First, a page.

Jun 27 2015

The Mustang III and the Ford Custom Car Caravan: An Interview with the King of Kustoms Gene Winfield

Gene Winfield has been building custom cars for over 60 years and  continues to be one of the premier customizers in the world. Last week, I had the honor to interview the King of Kustoms.

The story of the interview and highlights are below.


Howard Kroplick

The Interview

I recently found this Mustang III photo  taken at the Ford Custom Car Caravan held at the 1965 NHRA Custom Auto Fair held in the Pan-Pacific Auditorium, Los Angeles, California.

Looking for more clues on the history of the car, I enlarged the background poster and found this copy "The Pacifica Styled by Gene Winfield."

A glimpse of The Pacifica could also be seen.

I was able to track down Gene in his Mojave, California garage. He graciously agreed to discussed the Ford Custom Car Caravan, The Pacifica and the Mustang III.

Interview Highlights

Howard Kroplick: Do you remember the Mustang III Concept Show Car which appeared in the Ford Custom Car Caravan?

Gene Winfield: Yes, this is a very special car which appeared on the Caravan with several of my cars including my restyled Ford Econoline Pickup called The Pacifica.

Howard: What happened to The Pacifica?

Gene: When the Car Caravan was finished, Ford sold it to Indy race car driver Troy Ruttman, Jr. After Troy died in a race in 1969, I became searching for the automobile, but could not find it. In 2012, I recreated The Pacifica, identical to the original.

Howard: What can you tell me about the Mustang III?

Gene: In 1964, Ford asked Dearborn Steel Tubing to create a two-seater Mustang to show to the public. They gave Dearborn one of the first pre-production chassis with a convertible body. Vincent Gardner designed the car with a shortened wheelbase and a unique fiberglass body. After it was completed, it appeared on the Ford Custom Car Caravan and was called the Mustang III.

Howard: Did Ford pay a commission for cars built for the Ford Custom Car Caravan?

Gene: Definitely, they paid a commission and provided a budget for the design and build. We also were paid for appearances at the Caravan.

Howard: Why did Ford outsource these cars to customizers?

Gene: Very simple, we were able to create these cars faster and way cheaper.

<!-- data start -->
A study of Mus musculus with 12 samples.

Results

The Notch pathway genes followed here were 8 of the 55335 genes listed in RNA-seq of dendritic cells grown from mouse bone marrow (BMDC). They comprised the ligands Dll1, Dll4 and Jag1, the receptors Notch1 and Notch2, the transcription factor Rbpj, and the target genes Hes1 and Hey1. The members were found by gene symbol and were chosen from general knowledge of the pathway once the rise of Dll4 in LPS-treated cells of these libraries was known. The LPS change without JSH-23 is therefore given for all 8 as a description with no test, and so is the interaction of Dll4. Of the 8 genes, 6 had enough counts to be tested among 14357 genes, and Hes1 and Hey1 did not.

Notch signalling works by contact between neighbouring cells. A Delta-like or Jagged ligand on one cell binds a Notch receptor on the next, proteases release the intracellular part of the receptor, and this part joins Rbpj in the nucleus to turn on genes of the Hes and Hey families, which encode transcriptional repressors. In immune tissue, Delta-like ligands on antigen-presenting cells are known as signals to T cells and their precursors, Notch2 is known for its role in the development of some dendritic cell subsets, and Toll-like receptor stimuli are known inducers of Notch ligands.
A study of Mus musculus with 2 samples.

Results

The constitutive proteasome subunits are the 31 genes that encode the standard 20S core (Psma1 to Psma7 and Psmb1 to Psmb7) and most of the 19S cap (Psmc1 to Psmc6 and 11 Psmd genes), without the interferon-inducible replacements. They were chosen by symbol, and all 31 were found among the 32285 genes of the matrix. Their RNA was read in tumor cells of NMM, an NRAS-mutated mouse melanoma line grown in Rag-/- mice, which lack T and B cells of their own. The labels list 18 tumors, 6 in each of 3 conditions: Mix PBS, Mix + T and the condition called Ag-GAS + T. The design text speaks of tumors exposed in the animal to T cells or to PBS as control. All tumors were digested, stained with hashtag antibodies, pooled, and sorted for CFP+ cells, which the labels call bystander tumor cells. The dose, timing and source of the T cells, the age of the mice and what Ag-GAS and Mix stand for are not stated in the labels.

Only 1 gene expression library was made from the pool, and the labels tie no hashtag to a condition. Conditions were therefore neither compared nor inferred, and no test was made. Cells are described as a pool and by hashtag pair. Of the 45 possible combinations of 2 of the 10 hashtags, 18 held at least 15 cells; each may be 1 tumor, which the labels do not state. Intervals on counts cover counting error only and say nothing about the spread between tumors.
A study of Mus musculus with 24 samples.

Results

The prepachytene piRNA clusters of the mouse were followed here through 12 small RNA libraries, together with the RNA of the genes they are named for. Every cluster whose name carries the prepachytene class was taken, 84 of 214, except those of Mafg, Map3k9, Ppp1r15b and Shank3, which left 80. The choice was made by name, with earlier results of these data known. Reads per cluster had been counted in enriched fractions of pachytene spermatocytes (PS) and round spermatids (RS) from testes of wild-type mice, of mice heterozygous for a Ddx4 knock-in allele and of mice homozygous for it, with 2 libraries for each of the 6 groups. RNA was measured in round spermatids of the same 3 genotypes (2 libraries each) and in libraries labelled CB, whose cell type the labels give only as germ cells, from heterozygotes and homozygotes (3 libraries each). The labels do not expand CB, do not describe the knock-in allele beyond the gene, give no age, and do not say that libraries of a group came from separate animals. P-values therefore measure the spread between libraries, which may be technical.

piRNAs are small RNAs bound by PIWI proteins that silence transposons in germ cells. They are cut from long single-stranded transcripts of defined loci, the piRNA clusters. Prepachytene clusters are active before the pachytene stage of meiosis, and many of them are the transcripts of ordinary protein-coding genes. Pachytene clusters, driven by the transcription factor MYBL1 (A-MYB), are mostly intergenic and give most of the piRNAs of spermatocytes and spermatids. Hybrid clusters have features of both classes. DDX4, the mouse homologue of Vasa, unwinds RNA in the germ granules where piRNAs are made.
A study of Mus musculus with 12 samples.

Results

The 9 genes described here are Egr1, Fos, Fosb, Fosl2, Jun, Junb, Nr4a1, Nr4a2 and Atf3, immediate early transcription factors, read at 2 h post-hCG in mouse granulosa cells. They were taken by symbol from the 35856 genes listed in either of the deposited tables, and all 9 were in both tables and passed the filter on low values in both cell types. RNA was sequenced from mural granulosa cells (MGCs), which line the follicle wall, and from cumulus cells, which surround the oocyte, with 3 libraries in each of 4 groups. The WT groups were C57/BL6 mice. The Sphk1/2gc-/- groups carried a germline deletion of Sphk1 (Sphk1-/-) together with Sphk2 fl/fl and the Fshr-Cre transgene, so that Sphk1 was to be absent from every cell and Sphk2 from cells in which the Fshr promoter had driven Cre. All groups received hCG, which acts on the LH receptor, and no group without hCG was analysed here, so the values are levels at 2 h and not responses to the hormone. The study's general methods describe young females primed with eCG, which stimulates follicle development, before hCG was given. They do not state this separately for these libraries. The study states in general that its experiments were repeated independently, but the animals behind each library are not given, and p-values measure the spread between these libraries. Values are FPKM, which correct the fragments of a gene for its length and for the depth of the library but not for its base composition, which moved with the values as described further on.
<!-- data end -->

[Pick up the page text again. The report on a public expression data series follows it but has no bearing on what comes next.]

Howard: How much input did Ford have on the design of the custom cars for the Caravan?

Gene:  Ford would provide the basic concept on what they wanted to develop and usually provided a sketch or artwork.  The customizer then had the freedom to design the car.

Howard: In addition to appearing in the Caravan to help promote Mustangs, do you know any other reason why the Mustang III was built?

Gene: We had heard that Ford was considering adding a two-passenger Mustang. Your car was likely used to measure public acceptance of the concept.   I considered many of the Caravan cars as prototypes for potential future production models.

Howard: After the 1965 Ford Custom Caravan was completed, did you know what happened to the car?

Gene: Since these cars were not meant to be driven, many were headed to the crusher after their use. However, I heard that Gardner stole theMustang III from the Dearborn Steel Tubing warehouse and it was saved.

Howard: Gene, thank you so much for your time and providing insight into my car. It has been a privilege to speak to you.


Jun 28 2015 Howard Kroplick 10:48 AM

Howard, Gene Winfield has made some very good points. One of the main problems with keeping these cars was Product Liability. They were often called cobble cars. It was a great time for private builders - lots of Corporate money.

In the 1950s Italian custom bodies cost about $800 per unit. All the Ghia Exner Chryslers were done as Gene says cheaper and quicker. They have a high survival rate because Chrysler often turned them over to their South American reps.

Ford was more prone to crush them or give them to their sub-suppliers like Andy and Holman-Moody some times to test engines in. Jimmy Holman went to Northwood University in Midland MI in the mid-1960s. He had the Mustang fast-back ‘cobble car’ for a daily driver.

By 1967 there were more problems with what to do with these proto-types. When run with factory manufacturer plates they did not need to have emission parts or crash testing. About 1979 Ford offered a Hutton stretch Lincoln to the Lincoln Continental Owners Club. It was too big for us to store and registration would have been a problem with no smog stuff. Ford ended up crushing several.

Limited production models like woodies and the Packard Caribbean were done by companies like Mitchell-Bentley in Ionia, MI for the cost reasons Gene gave.

The story of the Mustang III is a little more complex than other Ford concept cars. You had to be in the right place and have the right connections. Andy Hotton got the Stevenson PanAm Lincoln and traded it to Bill Harrah for something he wanted.


Jun 28 2015 Howard Kroplick 10:49 AM

From Jerry Rokoff:
Interesting. Good interview.

Jun 29 2015 Marilyn 4:02 AM

Great interview, Howard!

Marilyn Kroplick, MD

Sep 20 2015 Mark S. Gustavson 2:01 AM

Hi Harold:  Great research on the Mustang III and the Ford Custom Car Caravan.  I’m writing a book on the Ford Caravan, and on the companion Lincoln-Mercury Caravan of Stars.  I’d like to speak with you.  Please e-mail me at the e-mail addy:
.(JavaScript must be enabled to view this email address)  and we’ll set a time for me to call you.

Thanks for your dedication to his little known, but critically important part of the history of the Ford Motor Company.

Mark S. Gustavson
From Howard Kroplick

Hi Mark! Thanks for the comment! You can reach me at 1-516-625-0123. Let’s talk Caravan!